Tips for teaching your kids about finance
TORONTO – Kids should start learning about finances from a young age, and how parents teach them should depend on their age, according to a senior wealth advisor.
Paul Shelestowsky of Meridian Credit Union told CTV News Channel on Sunday that preparing children early can help them face future financial challenges.
“Finances are one of the biggest stressors,” Shelestowsky said. “The sooner children learn these concepts, the better prepared they will be to deal with stress and develop financial confidence. “
While it can be difficult to keep a child’s attention when they’re five years old or younger, Shelestowsky recommends teaching in the form of games or other types of entertainment.
This can include playing “things like coin identification games and, when you go shopping, talking about the buying process and then letting them help you find good deals,” he said. he explains.
“You want it to be engaging this age.”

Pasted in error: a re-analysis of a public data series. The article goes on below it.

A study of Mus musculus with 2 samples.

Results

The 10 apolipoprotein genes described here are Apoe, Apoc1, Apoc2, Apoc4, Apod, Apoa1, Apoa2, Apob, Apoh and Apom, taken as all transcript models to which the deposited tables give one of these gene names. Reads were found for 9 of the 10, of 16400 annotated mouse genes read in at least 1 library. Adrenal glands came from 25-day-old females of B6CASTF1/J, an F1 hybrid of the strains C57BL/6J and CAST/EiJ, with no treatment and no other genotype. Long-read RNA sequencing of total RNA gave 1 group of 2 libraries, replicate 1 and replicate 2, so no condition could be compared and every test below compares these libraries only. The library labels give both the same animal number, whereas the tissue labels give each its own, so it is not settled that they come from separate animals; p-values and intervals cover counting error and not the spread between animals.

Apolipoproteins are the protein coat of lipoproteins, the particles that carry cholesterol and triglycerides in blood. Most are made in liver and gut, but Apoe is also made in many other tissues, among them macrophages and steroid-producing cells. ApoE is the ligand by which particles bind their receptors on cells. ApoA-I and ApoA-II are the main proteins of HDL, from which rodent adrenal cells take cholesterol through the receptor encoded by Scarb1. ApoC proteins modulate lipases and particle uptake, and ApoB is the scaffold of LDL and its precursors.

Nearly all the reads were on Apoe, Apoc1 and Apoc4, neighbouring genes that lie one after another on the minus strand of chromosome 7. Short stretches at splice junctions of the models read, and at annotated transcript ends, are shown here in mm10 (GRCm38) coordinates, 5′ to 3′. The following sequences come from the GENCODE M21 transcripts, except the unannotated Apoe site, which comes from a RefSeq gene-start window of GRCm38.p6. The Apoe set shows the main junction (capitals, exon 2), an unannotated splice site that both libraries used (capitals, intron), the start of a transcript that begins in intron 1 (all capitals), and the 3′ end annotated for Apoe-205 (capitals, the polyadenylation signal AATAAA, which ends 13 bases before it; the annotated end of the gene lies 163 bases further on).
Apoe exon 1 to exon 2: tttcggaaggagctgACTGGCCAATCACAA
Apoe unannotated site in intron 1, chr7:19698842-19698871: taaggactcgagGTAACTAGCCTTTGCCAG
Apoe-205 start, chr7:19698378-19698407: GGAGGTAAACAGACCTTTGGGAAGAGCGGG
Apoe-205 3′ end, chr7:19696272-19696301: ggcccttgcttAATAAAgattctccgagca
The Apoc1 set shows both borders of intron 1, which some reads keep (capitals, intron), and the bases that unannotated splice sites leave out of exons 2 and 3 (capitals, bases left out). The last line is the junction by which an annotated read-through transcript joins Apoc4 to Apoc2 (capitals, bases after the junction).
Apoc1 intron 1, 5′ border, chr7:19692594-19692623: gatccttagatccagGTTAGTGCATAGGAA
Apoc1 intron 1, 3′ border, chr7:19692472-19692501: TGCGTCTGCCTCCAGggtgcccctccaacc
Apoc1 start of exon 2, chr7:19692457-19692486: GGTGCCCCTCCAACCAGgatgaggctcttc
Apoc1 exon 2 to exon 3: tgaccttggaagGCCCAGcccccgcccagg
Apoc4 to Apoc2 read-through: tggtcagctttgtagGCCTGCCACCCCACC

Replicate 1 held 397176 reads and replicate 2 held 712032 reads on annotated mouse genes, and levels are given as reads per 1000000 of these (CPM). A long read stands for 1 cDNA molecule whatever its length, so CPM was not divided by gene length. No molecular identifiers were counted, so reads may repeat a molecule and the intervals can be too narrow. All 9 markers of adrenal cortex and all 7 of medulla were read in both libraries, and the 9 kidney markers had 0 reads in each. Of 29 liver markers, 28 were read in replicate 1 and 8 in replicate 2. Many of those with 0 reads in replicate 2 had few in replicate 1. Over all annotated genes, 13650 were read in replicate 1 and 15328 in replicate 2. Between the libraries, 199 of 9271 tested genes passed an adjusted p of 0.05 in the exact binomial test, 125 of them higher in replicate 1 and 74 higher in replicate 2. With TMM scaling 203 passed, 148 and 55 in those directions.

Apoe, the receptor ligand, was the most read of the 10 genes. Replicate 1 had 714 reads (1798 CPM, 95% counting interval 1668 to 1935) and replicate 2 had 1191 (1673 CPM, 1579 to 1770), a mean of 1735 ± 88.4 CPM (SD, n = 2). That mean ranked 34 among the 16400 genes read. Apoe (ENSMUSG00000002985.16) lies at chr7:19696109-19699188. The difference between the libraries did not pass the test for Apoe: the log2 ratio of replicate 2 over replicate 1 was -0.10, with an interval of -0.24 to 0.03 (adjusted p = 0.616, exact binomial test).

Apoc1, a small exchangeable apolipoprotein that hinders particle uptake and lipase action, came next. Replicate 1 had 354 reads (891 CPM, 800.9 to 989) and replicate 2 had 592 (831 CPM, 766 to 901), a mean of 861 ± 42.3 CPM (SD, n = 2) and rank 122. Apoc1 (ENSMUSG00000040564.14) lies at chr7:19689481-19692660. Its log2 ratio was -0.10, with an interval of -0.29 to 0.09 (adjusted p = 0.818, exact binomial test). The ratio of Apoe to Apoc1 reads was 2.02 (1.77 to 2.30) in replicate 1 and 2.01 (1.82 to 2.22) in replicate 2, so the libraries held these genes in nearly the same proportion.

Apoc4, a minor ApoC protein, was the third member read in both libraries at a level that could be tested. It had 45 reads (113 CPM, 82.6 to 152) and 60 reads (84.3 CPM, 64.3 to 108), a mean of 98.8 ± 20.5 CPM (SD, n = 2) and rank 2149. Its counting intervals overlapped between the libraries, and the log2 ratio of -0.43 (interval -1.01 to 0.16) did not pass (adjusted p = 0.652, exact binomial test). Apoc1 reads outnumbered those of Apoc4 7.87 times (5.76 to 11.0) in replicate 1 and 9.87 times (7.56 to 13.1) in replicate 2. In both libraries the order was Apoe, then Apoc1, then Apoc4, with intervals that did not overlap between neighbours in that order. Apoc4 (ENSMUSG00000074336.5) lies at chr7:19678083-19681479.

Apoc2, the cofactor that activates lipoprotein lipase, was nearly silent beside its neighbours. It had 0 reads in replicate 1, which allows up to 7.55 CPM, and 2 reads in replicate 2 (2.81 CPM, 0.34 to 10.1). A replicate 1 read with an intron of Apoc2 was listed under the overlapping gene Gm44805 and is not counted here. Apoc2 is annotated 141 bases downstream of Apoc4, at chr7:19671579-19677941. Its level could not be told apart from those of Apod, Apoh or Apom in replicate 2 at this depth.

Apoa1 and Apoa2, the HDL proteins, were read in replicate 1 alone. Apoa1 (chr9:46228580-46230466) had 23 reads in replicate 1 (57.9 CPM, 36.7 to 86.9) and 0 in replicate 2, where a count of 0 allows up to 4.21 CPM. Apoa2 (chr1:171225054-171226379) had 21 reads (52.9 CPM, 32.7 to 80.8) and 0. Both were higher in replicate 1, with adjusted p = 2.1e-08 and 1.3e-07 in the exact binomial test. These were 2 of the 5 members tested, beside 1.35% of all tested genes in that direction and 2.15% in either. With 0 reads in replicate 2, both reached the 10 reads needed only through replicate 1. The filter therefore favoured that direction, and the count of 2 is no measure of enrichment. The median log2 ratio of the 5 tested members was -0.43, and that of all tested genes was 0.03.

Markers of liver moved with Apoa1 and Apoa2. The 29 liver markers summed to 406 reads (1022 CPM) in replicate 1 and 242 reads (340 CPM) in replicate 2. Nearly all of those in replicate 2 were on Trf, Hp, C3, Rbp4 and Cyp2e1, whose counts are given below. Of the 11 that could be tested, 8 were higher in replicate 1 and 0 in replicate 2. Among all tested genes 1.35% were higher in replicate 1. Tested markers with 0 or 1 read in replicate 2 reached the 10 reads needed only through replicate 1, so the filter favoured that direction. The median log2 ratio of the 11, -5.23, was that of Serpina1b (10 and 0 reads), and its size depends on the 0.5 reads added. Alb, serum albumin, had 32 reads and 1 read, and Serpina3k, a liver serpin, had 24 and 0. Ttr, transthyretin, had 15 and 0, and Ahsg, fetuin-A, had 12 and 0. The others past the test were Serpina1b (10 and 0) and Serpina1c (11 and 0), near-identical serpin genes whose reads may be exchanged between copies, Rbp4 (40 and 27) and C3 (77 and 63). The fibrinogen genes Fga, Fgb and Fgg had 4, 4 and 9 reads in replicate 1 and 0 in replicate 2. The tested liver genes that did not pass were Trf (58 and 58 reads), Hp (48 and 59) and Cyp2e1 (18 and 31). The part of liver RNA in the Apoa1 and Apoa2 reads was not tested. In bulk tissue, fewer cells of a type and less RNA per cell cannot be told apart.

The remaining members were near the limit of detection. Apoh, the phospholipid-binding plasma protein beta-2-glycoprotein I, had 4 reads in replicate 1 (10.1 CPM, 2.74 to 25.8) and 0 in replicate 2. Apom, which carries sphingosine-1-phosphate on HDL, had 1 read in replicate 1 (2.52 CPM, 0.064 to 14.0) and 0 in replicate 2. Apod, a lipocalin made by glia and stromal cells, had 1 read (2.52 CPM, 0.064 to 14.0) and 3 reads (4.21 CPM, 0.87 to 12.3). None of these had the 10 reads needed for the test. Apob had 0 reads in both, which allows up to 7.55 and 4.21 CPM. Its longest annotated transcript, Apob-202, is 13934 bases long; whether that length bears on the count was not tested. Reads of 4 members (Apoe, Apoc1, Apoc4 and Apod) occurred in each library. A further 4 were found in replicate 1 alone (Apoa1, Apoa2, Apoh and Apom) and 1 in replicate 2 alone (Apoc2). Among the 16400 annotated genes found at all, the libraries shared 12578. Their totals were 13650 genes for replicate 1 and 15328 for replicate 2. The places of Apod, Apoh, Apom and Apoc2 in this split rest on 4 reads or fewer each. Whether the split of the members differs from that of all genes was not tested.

Once the kids hit double digits, Shelestowsky says it’s a good time for them to learn how to save money.
“Start by taking them to the bank or the credit union and open a savings account for them,” he said. “Get them to make deposits.”
Plus, it can also be a good idea for them to learn what it’s like to acquire money for themselves, Shelestowsky said.
“This is really when they can start to maybe make some of their own money doing housework for a stipend,” he said. “That way, they can begin to learn about the relationship between money and the value of work.”
Shelestowsky said it can help provide a foundation for children as they approach their teens, when finances start to get more complex.
When it comes to keeping a budget, Shelestowsky says it’s never too early to teach kids the concepts of income and spending.
“It’s about understanding throughout your childhood the difference between wants and needs,” he said. “It’s a concept that people struggle with all their lives, and having a budget in place will really show kids how wants will take a back seat to needs.”